Friday, August 5, 2011

The Voiceprint of the Seer

Huldah. Huldah, the king’s trusted seer,
a mother-figure beyond any doubt.
You spoke with an authoritative sound
and set the pattern that men would follow.
You recognized a sacred source for what
it was and had no fear in giving voice

to its mandate, its insistent voiceprint
on your mind.  When Josiah needed a seer,
you were happy to provide the  king what
he needed.  You knew he would have no doubt,
would recognize the one  that you follow,
would heed  the message of God you sounded.

You had watched him grow, heard the kingly sounds
of the man in the little boy’s voice.
Your life was being shaped to follow
the one who called you out, made you seer
of things others missed. Your vision enlarged, doubt
diminished, so that you knew what

dangers lurked in Israel’s future, what
idolatry would spawn, and the sound
of God’s anger at those who doubted
the power, the violence  in his voice.
Prophetess to the women,  a seer
they would recognize and own, follow

as loyally as the men followed
Jeremiah, his sense of what
was right and just.  And you, female seer,
did you ever question God’s certain sound?
Did you immediately know his voice?
Did you ever feel a slight hint of doubt?

For us, you ease every fear,  every doubt
we have when we hesitate to follow
the muttering within that demands a voice.
We look at you and we wonder at what
we might say, what new message we might sound
to those who wait the insight of a seer.

The  voices of reason are needed  when doubted
certainty reigns, and seers falsely follow
whatever treacherous tenor resounds.

Monday, August 1, 2011

Peacock Prophet

            . . . his head on the long blue reed-like neck
was drawn back as if his attention were fixed
in the distance on something no one else could see.
            --Flannery O’Connor, “The Displaced Person”

Flannery’s peacock stalked into her tale,
his prophet’s eye evaluating the scene.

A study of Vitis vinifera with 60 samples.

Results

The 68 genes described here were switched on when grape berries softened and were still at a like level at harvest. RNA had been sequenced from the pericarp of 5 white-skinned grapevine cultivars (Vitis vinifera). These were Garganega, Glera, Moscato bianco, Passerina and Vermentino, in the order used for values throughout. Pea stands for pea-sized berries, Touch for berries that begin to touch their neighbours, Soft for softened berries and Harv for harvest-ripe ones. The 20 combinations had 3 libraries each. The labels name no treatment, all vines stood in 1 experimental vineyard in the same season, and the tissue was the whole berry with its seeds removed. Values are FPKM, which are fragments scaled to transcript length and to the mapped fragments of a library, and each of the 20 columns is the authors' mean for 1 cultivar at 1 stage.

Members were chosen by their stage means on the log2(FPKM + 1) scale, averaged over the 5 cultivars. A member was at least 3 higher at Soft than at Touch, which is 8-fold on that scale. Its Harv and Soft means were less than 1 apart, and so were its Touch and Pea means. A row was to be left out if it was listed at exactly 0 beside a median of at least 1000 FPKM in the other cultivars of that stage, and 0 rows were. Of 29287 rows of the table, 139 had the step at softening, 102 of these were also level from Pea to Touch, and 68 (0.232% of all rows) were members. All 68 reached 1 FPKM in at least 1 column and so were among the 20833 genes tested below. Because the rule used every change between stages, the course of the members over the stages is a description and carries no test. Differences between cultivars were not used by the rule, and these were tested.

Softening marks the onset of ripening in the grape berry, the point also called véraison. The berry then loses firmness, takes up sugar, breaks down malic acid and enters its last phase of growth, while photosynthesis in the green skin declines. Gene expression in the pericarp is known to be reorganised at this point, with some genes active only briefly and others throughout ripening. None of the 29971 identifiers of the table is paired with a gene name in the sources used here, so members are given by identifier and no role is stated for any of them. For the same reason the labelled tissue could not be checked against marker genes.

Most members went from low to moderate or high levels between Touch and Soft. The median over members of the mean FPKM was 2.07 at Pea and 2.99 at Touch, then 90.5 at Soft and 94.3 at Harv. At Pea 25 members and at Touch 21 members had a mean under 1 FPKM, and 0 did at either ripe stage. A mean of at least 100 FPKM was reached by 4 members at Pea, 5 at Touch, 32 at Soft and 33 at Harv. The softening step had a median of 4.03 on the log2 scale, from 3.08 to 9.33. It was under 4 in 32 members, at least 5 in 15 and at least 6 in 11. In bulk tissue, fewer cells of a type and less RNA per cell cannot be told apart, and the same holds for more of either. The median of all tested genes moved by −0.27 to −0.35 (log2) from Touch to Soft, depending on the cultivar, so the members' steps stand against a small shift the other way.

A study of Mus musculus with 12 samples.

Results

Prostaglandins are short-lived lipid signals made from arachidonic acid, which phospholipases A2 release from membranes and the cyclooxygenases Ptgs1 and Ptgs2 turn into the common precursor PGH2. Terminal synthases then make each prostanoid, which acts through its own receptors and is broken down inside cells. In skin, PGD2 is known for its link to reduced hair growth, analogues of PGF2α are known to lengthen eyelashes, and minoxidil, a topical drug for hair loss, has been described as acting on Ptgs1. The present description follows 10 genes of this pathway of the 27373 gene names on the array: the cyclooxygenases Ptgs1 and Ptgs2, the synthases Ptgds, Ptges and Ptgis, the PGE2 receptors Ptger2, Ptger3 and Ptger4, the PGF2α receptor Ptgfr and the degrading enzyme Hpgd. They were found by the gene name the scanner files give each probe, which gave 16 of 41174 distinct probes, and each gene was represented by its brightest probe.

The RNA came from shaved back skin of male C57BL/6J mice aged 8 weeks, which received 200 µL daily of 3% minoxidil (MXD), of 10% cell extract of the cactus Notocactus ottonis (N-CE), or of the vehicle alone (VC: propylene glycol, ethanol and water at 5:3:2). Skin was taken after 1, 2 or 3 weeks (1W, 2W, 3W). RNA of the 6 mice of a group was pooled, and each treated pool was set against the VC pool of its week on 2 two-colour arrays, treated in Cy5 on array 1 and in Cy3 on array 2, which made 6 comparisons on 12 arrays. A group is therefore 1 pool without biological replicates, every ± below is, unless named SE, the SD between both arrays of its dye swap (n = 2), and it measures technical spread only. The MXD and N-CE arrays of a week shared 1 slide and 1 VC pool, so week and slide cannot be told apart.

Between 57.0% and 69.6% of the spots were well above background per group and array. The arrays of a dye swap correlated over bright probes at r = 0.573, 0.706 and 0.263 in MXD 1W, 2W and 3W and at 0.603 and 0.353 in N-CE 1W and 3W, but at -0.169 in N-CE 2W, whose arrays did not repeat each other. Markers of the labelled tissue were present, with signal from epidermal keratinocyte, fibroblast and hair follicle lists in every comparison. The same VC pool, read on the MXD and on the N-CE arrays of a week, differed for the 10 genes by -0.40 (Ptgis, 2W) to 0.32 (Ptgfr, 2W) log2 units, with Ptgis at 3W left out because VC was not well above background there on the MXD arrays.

His strut foretold that he knew the crisis
these mortals would face, the descending doom
on their unwitting heads.  He knew that the death
of the judge had ushered a new order.

He had seen his tribe decrease, reordered
to fit the widow’s distaste for his tail,
its reminder of a world where death
and life sought justice in a colored scene.
His night call sounded in her ear the doom
that lived just beyond the threat of crisis.

The priest sensed the answer to crisis
in the peacock’s display, saw an order
in the green-gold pattern of deferred doom.
He saw the sacramental sense of the tale
unfold through eyes that seemed dim to the scene
of culture-embedded stagnation and death.

But the women characters, bound to die,
calcified minds lost in their own crises,
were unable to change or shift the scene
that beat a rhythm of boundless order,
a set of events that formed its own tail
like some giant chameleon of doom.

Displacement, the common factor that doomed
each character and brought on grizzly deaths
to two, was the human lot in this tale.
Each person was made to face a crisis
in his or her sense of place and order
within that space.  But the peacock had seen

more than they could see.  His vision of the scene
was linked to a golden ideal that doom
could neither understand nor reorder.
Guizac’s work ethic could never match death’s
certain visit nor avert its crisis
for his kin in this parabolic tale.

Even Astor, whose life measured the tale’s
span by the widow’s three husbands, had seen
more changes than he could explain.  The crisis
of mutation beyond his ken, the doom
of displacement was like the knell of death
to his segregated sense of order.

When order was restored, the peacock’s tail
had escaped death.  The priest, still on the scene,
served the plumed mystic of doom and crisis.